Month: September 2016

When to Tell the Relatives?

Talking to Mom tonight about the ever-complicated question about which relatives we’ll be celebrating Christmas with,* which has implications of which one of us flies to either SoCal or NorCal. It’s extra complicated this year because my brother from the East Coast has been making noises about visiting with his family for Christmas.

Which segued into her asking about when I’ll come out to him (as well as the other relatives). “Do you want me to tell him?” she asked.

Originally I’d planned to do it after the holidays — given the Christmas get-togethers with the relatives are invariably tense and awkward — but that wasn’t looking practical, so I told her that I’d probably do so after Thanksgiving, that way there would be enough lead-time that hopefully it wouldn’t take over Christmas dinner.

“What are you waiting for?” she asked. What indeed…

I’m probably going to move the time-table up to late October/early November, after I get back from vacation. We’ll see how it goes. If nothing else, it’ll be useful to know sooner rather than later whether I’m de-invited from attending.

* They always wait until the last minute to decide whose house we’re getting together at.

What happens to [boyName]?

It began innocently enough with a question from my electrologist: “What happens to [boyName] after you transition?”

Good question indeed….

(And before we go further, let me say that I detest talking about one’s masculine and feminine sides as separate people, but for this particular discussion personifying them does seem to be the easiest way to talk about the issue.)

I’ve never liked the metaphor some trans women use of killing your male persona, or at least the notion that your male persona died when transitioned.

So my initial reply was that [boyName] will be taking a well-deserved retirement. My masculine aspect, my masculine history, will always be a part of me even if it’s no longer the active part of my personality. And yet, I’m feeling a sense of loss.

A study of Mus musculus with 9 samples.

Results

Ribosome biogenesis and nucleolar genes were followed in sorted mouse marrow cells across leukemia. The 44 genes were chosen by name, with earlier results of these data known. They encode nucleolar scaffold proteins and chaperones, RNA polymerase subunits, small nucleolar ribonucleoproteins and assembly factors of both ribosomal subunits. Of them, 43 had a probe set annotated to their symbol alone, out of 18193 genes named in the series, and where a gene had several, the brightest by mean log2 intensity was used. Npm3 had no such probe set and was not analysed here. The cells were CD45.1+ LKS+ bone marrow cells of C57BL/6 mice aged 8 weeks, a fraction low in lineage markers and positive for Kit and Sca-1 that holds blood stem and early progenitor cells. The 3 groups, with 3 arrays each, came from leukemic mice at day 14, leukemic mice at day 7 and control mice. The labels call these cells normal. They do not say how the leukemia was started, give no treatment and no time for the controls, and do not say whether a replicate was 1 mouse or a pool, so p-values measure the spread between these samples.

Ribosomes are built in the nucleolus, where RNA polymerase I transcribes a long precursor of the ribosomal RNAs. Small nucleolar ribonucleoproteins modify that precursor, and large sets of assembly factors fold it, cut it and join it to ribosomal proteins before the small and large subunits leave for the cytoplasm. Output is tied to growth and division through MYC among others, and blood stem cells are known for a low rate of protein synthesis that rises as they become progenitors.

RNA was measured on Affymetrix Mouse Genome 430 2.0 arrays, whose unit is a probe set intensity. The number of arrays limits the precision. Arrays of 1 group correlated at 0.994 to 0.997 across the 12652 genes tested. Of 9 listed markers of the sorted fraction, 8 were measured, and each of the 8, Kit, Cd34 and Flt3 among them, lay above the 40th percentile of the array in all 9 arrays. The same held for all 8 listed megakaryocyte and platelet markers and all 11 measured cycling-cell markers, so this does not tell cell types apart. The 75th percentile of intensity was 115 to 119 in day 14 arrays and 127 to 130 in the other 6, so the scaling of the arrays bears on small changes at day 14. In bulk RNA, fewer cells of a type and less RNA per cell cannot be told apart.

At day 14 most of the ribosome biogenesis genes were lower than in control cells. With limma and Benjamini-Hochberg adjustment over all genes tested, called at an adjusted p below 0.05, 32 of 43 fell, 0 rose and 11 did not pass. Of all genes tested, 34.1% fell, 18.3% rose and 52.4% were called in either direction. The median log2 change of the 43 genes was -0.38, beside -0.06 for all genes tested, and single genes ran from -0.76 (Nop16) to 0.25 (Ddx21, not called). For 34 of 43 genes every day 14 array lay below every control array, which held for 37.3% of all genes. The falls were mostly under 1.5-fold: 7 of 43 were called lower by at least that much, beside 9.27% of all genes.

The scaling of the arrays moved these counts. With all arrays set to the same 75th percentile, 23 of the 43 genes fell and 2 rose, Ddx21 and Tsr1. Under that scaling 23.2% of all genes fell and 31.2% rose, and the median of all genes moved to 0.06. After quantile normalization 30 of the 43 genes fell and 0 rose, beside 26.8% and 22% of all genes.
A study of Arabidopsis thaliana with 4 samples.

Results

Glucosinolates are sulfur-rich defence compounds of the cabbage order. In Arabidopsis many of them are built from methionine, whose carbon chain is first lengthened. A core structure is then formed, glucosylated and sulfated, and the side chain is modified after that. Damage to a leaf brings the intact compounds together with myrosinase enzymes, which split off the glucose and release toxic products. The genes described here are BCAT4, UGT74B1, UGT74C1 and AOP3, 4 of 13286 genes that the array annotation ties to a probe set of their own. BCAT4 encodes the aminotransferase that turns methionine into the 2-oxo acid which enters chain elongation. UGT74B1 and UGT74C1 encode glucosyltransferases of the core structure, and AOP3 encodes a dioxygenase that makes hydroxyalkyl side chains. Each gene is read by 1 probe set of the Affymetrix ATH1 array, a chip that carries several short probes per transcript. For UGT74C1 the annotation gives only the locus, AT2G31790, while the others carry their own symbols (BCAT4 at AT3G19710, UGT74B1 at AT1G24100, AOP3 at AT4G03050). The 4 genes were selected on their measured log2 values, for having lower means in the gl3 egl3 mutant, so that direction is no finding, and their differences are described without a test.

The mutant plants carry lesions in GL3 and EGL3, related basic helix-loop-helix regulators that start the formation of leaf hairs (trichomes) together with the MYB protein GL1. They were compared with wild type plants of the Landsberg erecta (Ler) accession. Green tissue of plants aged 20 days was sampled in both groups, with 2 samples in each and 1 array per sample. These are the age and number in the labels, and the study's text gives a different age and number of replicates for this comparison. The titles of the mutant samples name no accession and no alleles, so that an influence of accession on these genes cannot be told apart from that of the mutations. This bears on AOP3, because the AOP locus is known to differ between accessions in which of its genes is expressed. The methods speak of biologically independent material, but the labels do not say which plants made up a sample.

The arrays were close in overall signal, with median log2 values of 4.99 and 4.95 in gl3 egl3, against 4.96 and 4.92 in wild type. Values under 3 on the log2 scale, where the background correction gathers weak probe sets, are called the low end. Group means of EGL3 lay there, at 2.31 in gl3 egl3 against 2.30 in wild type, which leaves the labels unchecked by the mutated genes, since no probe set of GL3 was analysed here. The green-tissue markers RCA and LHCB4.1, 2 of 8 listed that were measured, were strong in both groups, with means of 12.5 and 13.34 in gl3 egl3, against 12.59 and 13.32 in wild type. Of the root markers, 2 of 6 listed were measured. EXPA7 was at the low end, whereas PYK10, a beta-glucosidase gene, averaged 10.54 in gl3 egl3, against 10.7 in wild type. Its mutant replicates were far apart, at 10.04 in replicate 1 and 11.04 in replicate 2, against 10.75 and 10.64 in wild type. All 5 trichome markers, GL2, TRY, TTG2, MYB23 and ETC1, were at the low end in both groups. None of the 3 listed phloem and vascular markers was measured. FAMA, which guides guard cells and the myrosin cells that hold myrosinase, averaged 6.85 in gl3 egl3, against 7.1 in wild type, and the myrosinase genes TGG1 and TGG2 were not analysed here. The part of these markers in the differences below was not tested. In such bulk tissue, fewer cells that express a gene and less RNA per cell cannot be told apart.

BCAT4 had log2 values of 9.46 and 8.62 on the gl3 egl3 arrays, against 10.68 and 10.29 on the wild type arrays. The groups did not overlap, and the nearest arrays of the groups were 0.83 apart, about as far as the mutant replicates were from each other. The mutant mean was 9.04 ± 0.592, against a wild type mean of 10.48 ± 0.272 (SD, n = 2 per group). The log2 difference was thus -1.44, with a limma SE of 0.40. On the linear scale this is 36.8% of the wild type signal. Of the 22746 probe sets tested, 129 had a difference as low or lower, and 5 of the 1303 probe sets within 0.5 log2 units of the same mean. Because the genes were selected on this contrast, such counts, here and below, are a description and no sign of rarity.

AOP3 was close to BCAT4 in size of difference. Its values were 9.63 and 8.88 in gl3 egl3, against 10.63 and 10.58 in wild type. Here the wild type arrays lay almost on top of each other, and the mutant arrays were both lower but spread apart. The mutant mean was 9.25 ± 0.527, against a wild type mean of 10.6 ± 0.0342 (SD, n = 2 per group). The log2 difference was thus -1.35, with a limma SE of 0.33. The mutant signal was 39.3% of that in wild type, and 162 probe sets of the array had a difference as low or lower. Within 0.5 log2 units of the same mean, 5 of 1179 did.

“Caterpillar to butterfly” is also popular transition metaphor, but does the butterfly realize that it had to sacrifice being a caterpillar to become who it is now?

Maybe it’s because I was never one of those trans woman who hid behind a hyper-masculine facade until they were able to come to terms with who they really were. Maybe it’s because I spent a long time on the middle path of identifying as bi-gendered, so that there’s not that sense of relief (of shedding one’s male persona) that I often see with rapid transitioners. To me, [boyName] *is* an aspect of me, just not the true *me.*

To borrow a friend’s analogy, he was the trusty work truck who got me through life up until now. Not flashy, a bit dented here and there, but reliable and always there when I needed him.

He protected me. Rory the Roman, standing guard all those years. Armoring himself against the world, so that I didn’t get hurt. Keeping the scared little girl inside of me safe, until she had time to grow up and begin venturing out into the world. Supporting her as she spread her wings. Building a life that’s now allowing for a remarkably smooth transition.

But the cost… the cost has been so dear. He had a exceeding tough job and did it until he just couldn’t do it anymore. And now, in a final act of self-sacrifice, he’s stepping aside to let me take my place out in the world. I’d like to think he’ll have his toes in the sand, with a drink in his hand. But it feels more like he’s climbing the steps to the high tower, where a girl grew into a woman with only fleeting glances of the world outside, and willingly closing the iron door behind him. Moses helping me across the deserts of living as a man, but unable to enter the promised land with me. To have sacrificed so much, and not reap the joys of what (I hope) will be a much fuller life after transition.

I’m sooooo not woo, but I’m feeling a need to somehow mark and acknowledge this parting of the ways. To honor his service to me. To mourn that it feels like a part of myself is fading into the woodwork.

To [boyName]: I’m sorry, I’m so so sorry. I wish you had a happier ending.